Huge Growth in the Wrong Places
Chad is a member of The Motley Fool Blog Network -- entries represent the personal opinion of the blogger and are not formally edited.
I've written before about this company, and I'm not sure that investors got the point the last time. There really is no nice way to say this, so I'll just tell you that Pandora's (NYSE: P) business model doesn't work. Soon after the company released its most recent earnings results, I noticed on Twitter several people questioning whether the business model was sustainable. The answer to that question is very simple, any company that has to pay more the more frequently its service is used has a major problem. That's the crux of the argument against investing in Pandora; the more the service is used the higher the cost to the company. Let's take a look at the company's earnings report and I'll show you where the problems are, and give you an idea of a better alternative to invest in.
The number that primarily caught investors' attention was that Pandora reported earnings per share of $0.00. Normally when a company makes no money this would not be news, but with analysts calling for a loss of $.03, the company's results were better than expected. There's just one huge problem and that is earnings per share do not necessarily equal cash generation. With the company increasing revenue by 51%, novice investors probably think that this is a huge growth opportunity given the popularity of the service. In fact, if the company were measured solely based on listening hours, growth was massive with an 80% increase on a year-over-year basis. However, unlike with other services, the more Pandora is used the more expensive the content is for the company.
Investors need to understand that Pandora is a different animal than a company like Sirius XM (NASDAQ: SIRI). Sirius has multiple advantages over Pandora. The first of which is the company has significant subscriber growth which drives better free cash flow. Second, Sirius is integrated into many vehicle entertainment systems, and the company converts roughly 45% of new vehicle owners. In this company's most recent quarter they added over 600,000 new subscribers and reported relatively low churn of 1.9%.
I've mentioned in the past that the best way for investors to play Sirius would be to consider purchasing shares in their majority owner Liberty Media (NASDAQ: STRZA). Liberty not only owns 48% of Sirius, but the company has other investments worth about $1.5 billion, owns the Atlanta Braves, and has a net cash balance. The end result is investors can buy Liberty Media and get the growth of Sirius for a cheaper multiple. Given the fact that Sirius expects to generate about $700 million in free cash flow during the current year, this is the one company in non-traditional radio that is significantly free cash flow positive. When it comes to Internet-based radio, the privately owned Spotify seems to be a better option.
For those who aren't aware, Spotify offers both Internet radio and an iTunes-like experience. By comparison, Pandora operates primarily as an Internet-based radio company. Considering that users can choose not only individual artists or records, but can also listen to specific tracks on Spotify, there's no question that this service is more customizable than Pandora. Pandora's radio service may be superior to Spotify at the current time, but nothing trumps the ability to listen to what you want when you want. While both Spotify and Pandora will struggle with the same challenges of content costs mirroring growth, Pandora is the only public company of the two.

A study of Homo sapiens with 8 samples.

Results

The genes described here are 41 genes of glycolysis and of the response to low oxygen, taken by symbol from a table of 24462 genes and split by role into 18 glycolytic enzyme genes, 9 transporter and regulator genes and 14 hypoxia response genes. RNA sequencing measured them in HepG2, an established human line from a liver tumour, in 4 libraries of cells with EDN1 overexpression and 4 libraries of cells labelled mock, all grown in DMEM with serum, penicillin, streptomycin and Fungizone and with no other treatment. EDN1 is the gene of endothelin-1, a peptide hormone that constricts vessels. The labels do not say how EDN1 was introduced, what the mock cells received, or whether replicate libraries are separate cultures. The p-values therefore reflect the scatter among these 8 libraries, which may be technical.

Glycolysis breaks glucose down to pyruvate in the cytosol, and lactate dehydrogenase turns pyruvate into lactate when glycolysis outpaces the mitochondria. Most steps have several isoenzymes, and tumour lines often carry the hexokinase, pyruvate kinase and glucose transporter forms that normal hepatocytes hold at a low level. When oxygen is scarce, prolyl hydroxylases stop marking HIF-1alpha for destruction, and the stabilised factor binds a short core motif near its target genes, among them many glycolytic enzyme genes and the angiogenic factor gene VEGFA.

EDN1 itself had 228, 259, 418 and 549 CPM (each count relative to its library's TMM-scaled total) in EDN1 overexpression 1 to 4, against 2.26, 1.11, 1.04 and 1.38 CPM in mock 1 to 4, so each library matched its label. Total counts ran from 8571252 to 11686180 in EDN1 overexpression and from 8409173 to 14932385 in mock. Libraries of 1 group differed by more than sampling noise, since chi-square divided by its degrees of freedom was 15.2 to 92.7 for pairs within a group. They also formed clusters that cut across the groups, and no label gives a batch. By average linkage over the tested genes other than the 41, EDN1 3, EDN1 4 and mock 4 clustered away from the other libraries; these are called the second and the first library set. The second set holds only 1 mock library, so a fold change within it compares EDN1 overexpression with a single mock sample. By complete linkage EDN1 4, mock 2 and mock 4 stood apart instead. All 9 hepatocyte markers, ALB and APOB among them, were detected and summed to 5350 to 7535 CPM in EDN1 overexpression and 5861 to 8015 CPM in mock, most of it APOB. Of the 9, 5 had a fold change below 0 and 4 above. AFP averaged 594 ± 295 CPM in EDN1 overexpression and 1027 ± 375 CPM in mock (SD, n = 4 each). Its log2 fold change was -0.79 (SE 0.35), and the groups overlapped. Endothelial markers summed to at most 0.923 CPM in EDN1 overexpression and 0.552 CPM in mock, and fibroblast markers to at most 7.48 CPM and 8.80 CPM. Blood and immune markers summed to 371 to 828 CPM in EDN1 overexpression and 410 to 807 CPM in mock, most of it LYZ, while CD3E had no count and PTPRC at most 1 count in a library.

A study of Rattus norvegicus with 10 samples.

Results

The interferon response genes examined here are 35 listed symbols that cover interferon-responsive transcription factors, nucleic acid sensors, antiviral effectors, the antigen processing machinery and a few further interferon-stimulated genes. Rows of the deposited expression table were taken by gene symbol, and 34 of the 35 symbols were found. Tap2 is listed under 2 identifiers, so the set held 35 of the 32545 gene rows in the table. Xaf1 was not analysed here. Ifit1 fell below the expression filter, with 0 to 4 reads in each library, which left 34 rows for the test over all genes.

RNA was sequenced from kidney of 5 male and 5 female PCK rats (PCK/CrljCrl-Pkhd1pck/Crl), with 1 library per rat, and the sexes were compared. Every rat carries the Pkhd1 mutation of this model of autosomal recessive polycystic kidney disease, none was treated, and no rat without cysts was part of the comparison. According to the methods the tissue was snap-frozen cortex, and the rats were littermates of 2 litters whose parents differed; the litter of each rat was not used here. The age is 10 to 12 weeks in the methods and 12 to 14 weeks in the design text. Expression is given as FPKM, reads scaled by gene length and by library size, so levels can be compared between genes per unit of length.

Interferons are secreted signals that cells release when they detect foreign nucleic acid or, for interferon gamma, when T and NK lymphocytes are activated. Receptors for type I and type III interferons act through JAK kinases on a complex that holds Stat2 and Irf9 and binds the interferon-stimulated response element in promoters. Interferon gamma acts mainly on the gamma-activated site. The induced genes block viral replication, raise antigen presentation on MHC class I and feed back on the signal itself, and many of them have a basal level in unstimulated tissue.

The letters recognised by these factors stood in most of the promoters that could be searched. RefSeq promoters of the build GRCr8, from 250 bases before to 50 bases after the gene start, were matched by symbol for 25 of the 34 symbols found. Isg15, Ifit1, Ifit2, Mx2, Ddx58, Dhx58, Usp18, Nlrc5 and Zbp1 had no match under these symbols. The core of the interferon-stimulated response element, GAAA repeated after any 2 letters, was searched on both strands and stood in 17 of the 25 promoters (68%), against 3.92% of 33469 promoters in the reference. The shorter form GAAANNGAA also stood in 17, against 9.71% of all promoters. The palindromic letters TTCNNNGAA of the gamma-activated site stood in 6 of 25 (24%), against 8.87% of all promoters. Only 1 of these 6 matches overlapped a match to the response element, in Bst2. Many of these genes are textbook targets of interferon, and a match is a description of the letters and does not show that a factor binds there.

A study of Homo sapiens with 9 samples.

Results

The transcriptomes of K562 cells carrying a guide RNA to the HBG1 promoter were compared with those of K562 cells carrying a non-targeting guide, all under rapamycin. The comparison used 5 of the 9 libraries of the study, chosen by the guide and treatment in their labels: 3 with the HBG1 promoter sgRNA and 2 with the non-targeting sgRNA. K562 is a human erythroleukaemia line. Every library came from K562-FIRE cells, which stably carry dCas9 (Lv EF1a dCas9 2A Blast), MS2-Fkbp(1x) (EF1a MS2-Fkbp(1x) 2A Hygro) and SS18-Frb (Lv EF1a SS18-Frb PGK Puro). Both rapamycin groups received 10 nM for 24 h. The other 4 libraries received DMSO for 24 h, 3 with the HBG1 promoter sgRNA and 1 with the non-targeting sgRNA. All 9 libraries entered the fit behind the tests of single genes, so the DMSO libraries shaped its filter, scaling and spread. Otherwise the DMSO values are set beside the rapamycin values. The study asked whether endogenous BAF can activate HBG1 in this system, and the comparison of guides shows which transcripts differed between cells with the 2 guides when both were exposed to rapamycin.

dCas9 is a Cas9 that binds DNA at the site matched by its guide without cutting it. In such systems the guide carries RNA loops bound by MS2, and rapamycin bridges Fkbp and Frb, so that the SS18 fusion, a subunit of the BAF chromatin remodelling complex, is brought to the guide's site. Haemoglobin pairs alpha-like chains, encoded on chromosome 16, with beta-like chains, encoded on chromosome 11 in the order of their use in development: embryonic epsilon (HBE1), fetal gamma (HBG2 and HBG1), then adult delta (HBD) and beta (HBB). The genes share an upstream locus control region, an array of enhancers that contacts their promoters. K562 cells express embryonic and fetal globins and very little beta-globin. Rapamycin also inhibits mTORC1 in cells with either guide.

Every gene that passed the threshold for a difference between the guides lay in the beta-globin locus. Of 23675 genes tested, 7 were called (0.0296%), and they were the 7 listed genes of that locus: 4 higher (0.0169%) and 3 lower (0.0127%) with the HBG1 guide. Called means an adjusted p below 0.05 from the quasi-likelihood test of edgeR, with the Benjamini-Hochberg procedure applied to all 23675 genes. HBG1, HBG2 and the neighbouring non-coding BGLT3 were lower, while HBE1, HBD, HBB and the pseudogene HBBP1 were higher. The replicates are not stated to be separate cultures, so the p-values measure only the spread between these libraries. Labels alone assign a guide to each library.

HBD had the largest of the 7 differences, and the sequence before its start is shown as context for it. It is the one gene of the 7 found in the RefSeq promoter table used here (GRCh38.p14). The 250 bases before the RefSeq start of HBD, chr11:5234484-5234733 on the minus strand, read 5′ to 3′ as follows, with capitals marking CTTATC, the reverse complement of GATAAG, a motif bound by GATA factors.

The primary reason investors should avoid Pandora can be summed up in two statistics. While the company's overall revenue grew 51%, Pandora's content acquisition costs grew 79.47%. This is the simple problem with the company's business model: Pandora must pay each time a track is listened to. In short, this means no matter how fast revenue grows, content acquisition costs are likely to grow faster. Since the primary service that Pandora offers is advertising supported, the only way for the company to outgrow its content acquisition costs is to sell advertising at a rate faster than listener hour growth. The bottom line is that, though Pandora reported EPS of $.00, free cash flow came in at just $188,000. Considering the company had to generate over $100 million in revenue to produce less than $200,000 in free cash flow, you can see that even with large-scale revenue growth, free cash flow will likely not be significant.
What's worse, the company-projected revenue for the year of more than $400 million would still produce a non-GAAP loss per share of at least $0.04. At the current stock price of nearly $12, shares sell for a P/E ratio of 240 based on next year's EPS estimates. With the company expected to grow EPS by about 40%, this means the stock sells for roughly six times its growth rate. While it's true that services like Pandora and Spotify may change the way people listen to music, this doesn't mean that Pandora will necessarily be a good investment. The real irony is the more popular the service gets, the harder it will be for Pandora to make money. Unless the company can somehow change its content acquisition cost structure, real earnings growth and cash flow growth will be fleeting.
MHenage has no positions in the stocks mentioned above. The Motley Fool has no positions in the stocks mentioned above. Try any of our Foolish newsletter services free for 30 days. We Fools may not all hold the same opinions, but we all believe that considering a diverse range of insights makes us better investors. The Motley Fool has a disclosure policy.If you have questions about this post or the Fool’s blog network, click here for information.